Ray Peterson (Tom Hanks) is on holiday at home, looking for some peace and quiet. However Ray’s peace is shattered when he and his neighbours realise that nobody as seen Walter (Gale Gordon) since the new family, The Klopeks, moved in. Together with neighbours Lt. Mark Rumsfield (Bruce Dern) a crazed ex solider, and Art Weingartner (Rick Ducommun), they come to the conclusion that foul play is involved. They begin spying on The Klopeks, believing them to be part of a cannibalistic cult.
Even though the paranoid trio have it fixed that their neighbours are cannibals, Ray’s wife Carol (Carrie Fisher) and Rumsfield’s wife Bonnie (Wendy Schaal) try to convince them it’s all in their heads. Are the guys paranoid? Or is there something far more sinister at work in the basement of The Klopek’s house? The Klopeks are played by Henry Gibson who plays Dr. Werner Klopek, Brother Theodore (Uncle Reuben Klopek) and Courtney Gains (Hans Klopek). They all play their parts wonderfully, really creating an atmosphere an menace, which makes you think that Ray and Co. may not be that crazy after all.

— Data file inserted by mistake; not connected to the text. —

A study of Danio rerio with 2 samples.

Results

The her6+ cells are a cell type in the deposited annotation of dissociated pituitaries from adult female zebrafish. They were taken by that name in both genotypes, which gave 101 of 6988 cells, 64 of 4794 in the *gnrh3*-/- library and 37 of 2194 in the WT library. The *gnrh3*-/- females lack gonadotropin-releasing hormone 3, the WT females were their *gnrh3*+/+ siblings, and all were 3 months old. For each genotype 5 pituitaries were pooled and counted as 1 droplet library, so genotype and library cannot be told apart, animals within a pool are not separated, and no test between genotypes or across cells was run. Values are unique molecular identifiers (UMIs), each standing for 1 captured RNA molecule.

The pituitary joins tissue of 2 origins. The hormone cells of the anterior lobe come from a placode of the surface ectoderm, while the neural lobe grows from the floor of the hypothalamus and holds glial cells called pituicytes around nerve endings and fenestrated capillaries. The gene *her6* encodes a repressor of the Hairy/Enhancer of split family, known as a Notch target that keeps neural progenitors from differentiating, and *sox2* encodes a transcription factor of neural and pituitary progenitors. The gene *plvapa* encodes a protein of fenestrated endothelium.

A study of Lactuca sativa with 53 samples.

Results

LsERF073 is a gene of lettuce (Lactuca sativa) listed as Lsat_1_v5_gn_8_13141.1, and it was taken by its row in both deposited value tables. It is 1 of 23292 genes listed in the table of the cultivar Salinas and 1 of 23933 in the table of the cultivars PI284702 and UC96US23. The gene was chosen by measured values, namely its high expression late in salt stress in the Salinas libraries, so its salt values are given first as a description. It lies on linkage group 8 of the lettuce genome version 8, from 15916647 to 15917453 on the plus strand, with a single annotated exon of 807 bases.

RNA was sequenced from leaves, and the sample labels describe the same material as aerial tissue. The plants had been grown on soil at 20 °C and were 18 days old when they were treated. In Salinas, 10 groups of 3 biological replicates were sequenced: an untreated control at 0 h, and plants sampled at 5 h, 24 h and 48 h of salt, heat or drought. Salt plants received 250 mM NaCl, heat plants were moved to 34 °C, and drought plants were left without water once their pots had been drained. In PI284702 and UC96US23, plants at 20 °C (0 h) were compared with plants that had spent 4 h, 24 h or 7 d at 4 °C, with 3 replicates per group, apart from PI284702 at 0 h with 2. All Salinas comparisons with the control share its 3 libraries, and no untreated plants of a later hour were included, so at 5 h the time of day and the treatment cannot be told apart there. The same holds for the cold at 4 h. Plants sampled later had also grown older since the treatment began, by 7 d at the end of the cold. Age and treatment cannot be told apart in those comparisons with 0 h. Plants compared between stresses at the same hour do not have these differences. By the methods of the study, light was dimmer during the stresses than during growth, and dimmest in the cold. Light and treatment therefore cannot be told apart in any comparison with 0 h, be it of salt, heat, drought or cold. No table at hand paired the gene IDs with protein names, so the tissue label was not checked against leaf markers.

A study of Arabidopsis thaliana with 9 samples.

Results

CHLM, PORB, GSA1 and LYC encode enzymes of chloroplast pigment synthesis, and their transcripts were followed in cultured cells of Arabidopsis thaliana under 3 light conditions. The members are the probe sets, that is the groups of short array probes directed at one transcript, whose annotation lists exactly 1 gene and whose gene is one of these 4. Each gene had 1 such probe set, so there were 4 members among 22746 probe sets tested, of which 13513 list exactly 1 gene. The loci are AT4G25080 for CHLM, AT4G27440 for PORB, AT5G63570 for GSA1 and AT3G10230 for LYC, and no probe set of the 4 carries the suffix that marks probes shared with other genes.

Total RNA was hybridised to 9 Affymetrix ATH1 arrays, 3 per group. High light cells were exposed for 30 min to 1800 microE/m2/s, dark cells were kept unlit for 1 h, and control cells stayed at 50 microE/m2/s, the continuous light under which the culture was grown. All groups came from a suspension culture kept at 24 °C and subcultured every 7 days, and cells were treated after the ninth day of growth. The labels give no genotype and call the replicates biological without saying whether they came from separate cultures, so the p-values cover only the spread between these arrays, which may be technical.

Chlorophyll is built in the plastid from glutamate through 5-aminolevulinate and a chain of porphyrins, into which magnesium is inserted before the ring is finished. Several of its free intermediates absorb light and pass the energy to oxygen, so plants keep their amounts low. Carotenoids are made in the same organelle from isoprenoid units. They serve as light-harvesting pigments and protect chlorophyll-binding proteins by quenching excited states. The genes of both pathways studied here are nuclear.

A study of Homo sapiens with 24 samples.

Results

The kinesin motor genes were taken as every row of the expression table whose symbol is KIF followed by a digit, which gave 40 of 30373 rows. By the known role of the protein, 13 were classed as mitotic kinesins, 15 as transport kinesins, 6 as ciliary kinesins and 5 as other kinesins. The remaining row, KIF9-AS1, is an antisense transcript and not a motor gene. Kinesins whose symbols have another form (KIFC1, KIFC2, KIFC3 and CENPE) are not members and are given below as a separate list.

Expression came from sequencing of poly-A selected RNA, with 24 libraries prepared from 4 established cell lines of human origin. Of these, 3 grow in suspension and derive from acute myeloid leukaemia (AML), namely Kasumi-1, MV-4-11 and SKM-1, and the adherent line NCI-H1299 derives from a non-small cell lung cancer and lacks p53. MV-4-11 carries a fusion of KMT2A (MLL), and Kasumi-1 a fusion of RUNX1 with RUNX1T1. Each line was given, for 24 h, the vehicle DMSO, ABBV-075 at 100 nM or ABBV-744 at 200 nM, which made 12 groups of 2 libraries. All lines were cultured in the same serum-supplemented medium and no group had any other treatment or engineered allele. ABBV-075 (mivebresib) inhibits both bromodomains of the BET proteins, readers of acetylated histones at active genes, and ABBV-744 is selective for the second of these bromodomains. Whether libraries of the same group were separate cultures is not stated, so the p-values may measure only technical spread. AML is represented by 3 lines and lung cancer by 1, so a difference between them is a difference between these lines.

The final third is wonderfully manic. The director Joe Dante is clearly having a ball and really lets rip. This film was woefully under appreciated upon release. The blend of dark comedy and horror really didn’t sit well with audiences. Which I find odd. I first watched this way back in ’91 and I just loved it. I lived in a cul-de-sac just like Ray and his neighbours do, so the whole premise really resonated with me. Mainly because as a kid I was always overly suspicious of everyone. The set used for the neighbourhood is the same one that was used for Desperate Housewives, so some viewers may find themselves recognizing it.
I just adore this film. I make no secret about this. It’s a film that has been in my overall top 10 for years. It’s a film that I never get bored of watching, and one that I feel still holds up to repeated viewings. I find it hard that there is anyone out there who has never seen this film. If there is however, then I strongly urge you to give it a watch. It’s deliciously dark and has some great comedy.